COVID-19 Cuts Spring Short for Hawkeye Teams

Arenas and ballfields go silent as the pandemic brings college sports to a sudden halt.
Iowa Hawkeyes Baseball Team PHOTO: STEPHEN MALLY/UI ATHLETICS

The Iowa softball team had just landed for a tournament in Tampa, Florida, in mid-March when coach Renee Gillispie received a stunning phone call. UI athletics administrators told Gillispie that, sadly, her team needed to return to Iowa City on the next available flight.

The Hawkeyes were off to a Big Ten-best 17-5 start under the second-year coach, and the table was set for one of the program's best seasons in years. But that all came to a grinding halt. Hours later, as Gillispie's staff was scrambling to make new flight arrangements, a second call from Iowa City confirmed the worst. The season had been canceled.

With the COVID-19 pandemic tightening its grip on the U.S., the Big Ten canceled all remaining athletics activities through the end of the academic year. The NCAA soon followed suit. Suddenly, a promising year for so many Hawkeye teams was lost. There would be no March Madness. No NCAA wrestling championships. No Iowa City traditions like the Musco Twilight Track Meet. Even the fall athletic seasons seemed in limbo nearing the end of the spring semester.

"The seniors were the most devastated," Gillispie says of the tear-filled talk with her softball team on the way back to the airport. "It's tough because you could see the improvement, you could see the competitiveness in our players. They were really stepping up and embracing our vision."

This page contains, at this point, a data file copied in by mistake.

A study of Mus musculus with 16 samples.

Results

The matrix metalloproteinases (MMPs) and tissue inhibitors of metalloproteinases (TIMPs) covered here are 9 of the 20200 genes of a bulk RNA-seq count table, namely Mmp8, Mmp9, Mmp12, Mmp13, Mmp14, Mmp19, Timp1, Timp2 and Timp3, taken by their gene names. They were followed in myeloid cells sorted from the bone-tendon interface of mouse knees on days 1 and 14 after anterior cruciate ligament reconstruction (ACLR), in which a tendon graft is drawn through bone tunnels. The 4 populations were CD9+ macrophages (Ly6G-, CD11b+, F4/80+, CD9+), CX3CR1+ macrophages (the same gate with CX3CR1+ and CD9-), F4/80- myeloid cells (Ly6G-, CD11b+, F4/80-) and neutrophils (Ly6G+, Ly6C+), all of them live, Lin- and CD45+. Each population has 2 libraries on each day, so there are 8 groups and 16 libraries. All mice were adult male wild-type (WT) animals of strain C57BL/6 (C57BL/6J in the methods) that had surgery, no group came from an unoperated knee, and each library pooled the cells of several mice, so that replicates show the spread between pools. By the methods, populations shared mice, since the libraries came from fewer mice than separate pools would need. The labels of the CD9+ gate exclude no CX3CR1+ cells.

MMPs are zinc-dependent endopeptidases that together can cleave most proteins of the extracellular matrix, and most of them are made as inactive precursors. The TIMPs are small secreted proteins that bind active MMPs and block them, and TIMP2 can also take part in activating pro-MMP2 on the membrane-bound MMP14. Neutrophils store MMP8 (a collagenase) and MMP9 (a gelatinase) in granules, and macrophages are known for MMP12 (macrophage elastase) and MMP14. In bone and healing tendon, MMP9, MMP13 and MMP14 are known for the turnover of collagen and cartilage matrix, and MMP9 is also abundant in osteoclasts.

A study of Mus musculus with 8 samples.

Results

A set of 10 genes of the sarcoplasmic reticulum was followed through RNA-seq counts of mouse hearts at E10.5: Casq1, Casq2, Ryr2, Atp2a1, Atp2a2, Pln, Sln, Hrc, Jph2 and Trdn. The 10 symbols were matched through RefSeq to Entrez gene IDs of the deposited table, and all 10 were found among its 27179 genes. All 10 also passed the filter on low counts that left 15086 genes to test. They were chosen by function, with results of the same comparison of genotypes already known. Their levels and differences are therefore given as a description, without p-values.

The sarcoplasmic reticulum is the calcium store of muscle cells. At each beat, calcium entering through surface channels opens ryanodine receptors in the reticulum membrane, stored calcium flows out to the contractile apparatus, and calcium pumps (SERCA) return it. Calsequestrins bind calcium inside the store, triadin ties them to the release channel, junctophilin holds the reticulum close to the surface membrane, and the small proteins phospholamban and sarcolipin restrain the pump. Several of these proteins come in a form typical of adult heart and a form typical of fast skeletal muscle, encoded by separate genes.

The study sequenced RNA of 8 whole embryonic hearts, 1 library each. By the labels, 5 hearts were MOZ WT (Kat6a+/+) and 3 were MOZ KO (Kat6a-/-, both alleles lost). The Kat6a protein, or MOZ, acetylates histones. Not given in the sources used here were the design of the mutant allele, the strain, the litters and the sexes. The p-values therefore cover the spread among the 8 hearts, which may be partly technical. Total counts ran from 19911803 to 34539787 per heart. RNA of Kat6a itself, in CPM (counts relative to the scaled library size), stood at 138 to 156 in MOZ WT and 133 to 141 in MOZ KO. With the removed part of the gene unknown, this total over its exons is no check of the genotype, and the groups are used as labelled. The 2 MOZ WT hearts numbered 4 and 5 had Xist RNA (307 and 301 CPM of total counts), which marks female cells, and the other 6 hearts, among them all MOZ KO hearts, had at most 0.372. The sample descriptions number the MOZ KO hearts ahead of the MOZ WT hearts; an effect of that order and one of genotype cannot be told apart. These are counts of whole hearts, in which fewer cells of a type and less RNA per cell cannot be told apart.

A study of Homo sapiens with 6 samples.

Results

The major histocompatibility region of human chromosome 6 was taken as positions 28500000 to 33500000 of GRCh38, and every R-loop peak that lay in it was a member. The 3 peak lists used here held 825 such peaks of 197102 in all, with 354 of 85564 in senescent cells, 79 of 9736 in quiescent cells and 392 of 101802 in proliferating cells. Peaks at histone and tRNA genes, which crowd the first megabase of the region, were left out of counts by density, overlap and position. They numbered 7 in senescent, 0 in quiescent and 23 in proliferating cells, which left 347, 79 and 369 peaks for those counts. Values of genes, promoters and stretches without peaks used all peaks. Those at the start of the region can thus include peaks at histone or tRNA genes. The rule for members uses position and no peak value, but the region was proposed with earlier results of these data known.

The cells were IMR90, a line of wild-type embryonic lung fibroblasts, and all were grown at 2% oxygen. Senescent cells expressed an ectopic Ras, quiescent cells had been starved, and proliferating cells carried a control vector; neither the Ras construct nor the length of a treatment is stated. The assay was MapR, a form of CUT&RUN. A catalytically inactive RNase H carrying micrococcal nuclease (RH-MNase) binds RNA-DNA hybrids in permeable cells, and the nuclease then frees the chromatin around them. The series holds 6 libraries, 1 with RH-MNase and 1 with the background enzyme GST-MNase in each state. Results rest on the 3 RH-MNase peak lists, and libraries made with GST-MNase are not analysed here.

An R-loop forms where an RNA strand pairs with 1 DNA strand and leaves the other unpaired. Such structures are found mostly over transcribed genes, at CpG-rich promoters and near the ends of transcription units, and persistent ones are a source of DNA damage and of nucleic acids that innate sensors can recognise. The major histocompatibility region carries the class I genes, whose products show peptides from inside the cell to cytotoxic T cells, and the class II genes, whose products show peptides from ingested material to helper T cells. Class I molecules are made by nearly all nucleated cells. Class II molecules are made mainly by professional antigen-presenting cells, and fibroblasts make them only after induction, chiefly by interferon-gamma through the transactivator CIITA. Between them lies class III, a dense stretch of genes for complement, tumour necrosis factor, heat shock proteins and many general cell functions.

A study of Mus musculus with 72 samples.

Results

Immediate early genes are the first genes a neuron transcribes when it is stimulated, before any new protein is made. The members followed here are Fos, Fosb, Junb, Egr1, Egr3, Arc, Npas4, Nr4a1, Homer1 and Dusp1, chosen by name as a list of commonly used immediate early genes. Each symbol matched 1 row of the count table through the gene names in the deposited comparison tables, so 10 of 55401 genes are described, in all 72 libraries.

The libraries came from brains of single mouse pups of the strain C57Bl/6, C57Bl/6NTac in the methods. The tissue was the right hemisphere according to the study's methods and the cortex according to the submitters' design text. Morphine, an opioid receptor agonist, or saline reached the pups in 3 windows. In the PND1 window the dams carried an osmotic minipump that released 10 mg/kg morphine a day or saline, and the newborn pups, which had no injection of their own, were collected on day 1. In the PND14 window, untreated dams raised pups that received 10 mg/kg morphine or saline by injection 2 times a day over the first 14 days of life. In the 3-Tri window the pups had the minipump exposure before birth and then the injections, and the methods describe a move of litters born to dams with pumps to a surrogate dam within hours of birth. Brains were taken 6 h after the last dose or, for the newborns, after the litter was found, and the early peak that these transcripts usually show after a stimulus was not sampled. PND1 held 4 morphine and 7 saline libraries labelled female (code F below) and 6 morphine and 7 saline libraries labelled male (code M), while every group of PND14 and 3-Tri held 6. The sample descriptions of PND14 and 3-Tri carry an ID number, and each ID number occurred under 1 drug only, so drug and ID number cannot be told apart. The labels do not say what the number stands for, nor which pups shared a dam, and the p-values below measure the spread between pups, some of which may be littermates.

The Iowa baseball team seemed similarly primed for a big season. Despite a tough nonconference schedule, the Hawkeyes were 10-5 with wins over three ranked teams and victories in seven of their last eight games. Then it was all over.

"The first week, all of us were waking up in the morning and thinking we'd be able to come back soon, and it was just a bad dream," says Iowa coach Rick Heller. "Now we're just trying to get back to some sort of normalcy."

Unable to work with student-athletes in person, coaches stayed connected over the phone and via video conference to ensure their players were set up for virtual classes, staying mentally and physically healthy, and had direction for solo workouts.

From spring football practices to the Hawkeye Invitational at Finkbine Golf Course, the pandemic spared no sport. Senior gymnast Mitch Mandozzi was preparing for the final home meet of his career in front of a crowd filled with family and friends when the news broke. The ninth-ranked Hawkeye gymnasts were unbeaten at home and poised for a showdown with No. 3 Michigan. But on Senior Day, Carver-Hawkeye Arena was empty.

"I was shocked, but I wasn't sad at first," Mandozzi says of the cancellation days before the meet. "It was very fast-moving. None of us knew how to react; during the weekend the emotions started to come."

While coaches and student-athletes are looking ahead to brighter days, it's difficult not to wonder what might have been. "We were having one of the most unbelievable seasons collectively and individually," says UI Director of Athletics Gary Barta. "I've been amazed at the resiliency. Ö On the one hand, it's been incredibly difficult. On the other hand, I'm so proud of our student-athletes and coaches in the way they responded."